28 September 2014
The sunny summer-like weather that has taken everyone by surprise at the end of September continued throughout the weekend. On Saturday evening, two of us boarded the St Bridget, a 26 metre steel hull vessel owned by Dublin Bay Cruises for a 70-minutes cruise from Dun Laoghaire to Dalkey.
Initially, we had planned a cruise with Dublin Bay Cruises early last month from Howth to Dublin city centre, but ended up visiting Ireland’s Eye instead.
Dublin Bay Cruises is a family-owned business. Eugene Garrihy, his wife Clare and their three daughters run cruises between Dun Laoghaire, Dublin Port and Howth Harbour. Although the St Bridget can take 120 passengers, there was perhaps no more than two dozen people on board as we sailed from the East Pier in Dun Laoghaire on a clear, bright, sunny evening, with Howth Head to the north.
From 1821 to 1921, this was known as Kingstown. It is said the harbour is the largest “man-made” harbour in Western Europe, and for over a century it was the starting point for the main sea route from Ireland to Britain.
We left shortly after 5.30 and headed south past the James Joyce Martello Tower at Sandycove, the Forty Foot swimming area, Bullock Harbour, Dalkey Island and Collimore Harbour, Sorrento Point and Killiney Bay, before turning back around Dalkey Island to return to Dun Laoghaire.
Coliemore Harbour served as a port for Dublin between the 14th to 17th centuries, when the River Liffey had silted up. Today it is often used for short hops to Dalkey Island.
The first islands we came to are three small islands to the north of Dalkey Island, known as Lamb Island, Clare Island and Maiden Rock.
Dalkey Island is just 300 metres offshore and has an area of 9 hectares (22 acres), 450 metres long and 250 metres wide. Its name comes from the Irish deilg (“thorn”) and the Old Norse øy (“island” – as in Ireland’s Eye). The island has no residents, but we could see the remains of a church, houses, fortifications and a Martello Tower.
Archaeological evidence shows that the first residents lived on Dalkey Island in the Mesolithic or Middle Stone Age, and that it was inhabited in the 4th millennium BC or 6,000 years ago. There are remains of an Iron Age fort at the north of the island, but only the ditch is noticeable today.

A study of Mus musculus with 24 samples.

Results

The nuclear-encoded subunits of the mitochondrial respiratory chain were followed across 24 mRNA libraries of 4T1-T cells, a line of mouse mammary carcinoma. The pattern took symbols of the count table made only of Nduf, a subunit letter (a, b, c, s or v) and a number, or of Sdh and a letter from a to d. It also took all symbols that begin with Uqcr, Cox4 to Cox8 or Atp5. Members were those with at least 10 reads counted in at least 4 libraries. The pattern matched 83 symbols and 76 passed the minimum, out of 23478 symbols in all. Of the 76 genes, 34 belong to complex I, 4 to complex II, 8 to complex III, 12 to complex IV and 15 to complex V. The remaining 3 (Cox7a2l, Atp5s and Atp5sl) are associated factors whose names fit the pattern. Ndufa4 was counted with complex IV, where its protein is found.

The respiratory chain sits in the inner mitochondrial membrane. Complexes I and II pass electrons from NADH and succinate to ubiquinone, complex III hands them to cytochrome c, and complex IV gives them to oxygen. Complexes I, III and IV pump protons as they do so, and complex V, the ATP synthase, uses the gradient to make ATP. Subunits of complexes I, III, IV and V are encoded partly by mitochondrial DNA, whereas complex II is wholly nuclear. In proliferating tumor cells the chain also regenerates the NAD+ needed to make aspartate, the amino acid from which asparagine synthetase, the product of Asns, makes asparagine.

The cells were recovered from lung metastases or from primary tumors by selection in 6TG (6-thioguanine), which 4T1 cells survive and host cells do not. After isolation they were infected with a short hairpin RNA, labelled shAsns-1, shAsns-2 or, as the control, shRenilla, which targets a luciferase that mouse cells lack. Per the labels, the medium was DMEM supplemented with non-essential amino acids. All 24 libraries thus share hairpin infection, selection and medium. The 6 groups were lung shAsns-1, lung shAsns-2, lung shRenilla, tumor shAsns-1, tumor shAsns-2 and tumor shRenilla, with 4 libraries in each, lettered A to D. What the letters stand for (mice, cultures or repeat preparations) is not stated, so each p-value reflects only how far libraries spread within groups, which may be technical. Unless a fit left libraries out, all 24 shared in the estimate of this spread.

People continued to live on the island through the Iron Age to the Early Christian period, and there are suggestions that the island was a trading centre during Roman and Viking times.
The ruined stone church, named after Saint Begnet, was built in the ninth or tenth century, but there may have been older wooden church on the site. The church was probably abandoned when the Vikings used the island as a base to form part of the busiest port in Ireland at the time.
In 1804, the Admiralty built a Martello Tower and a gun battery on the island as part of an early warning system in the face of a threatened Napoleonic invasion. It is one of eight Martello Towers dotted along the Dun Laoghaire coastline.
The builders of the Martello Tower used the church ruins as living quarters, and altered the east side of the church, adding windows and a fireplace.
Bray Head was to our south as we turned to sailed around to the east side of Dalkey Island, and then heading north between the island to our west and to our east the rocks known as “The Muglins.” They are a danger to shipping and have been fitted with a distinctive beacon.
The sun was setting as we rounded the small islets to the north of Dalkey and sailed back into Dun Laoghaire Harbour at about 6.45.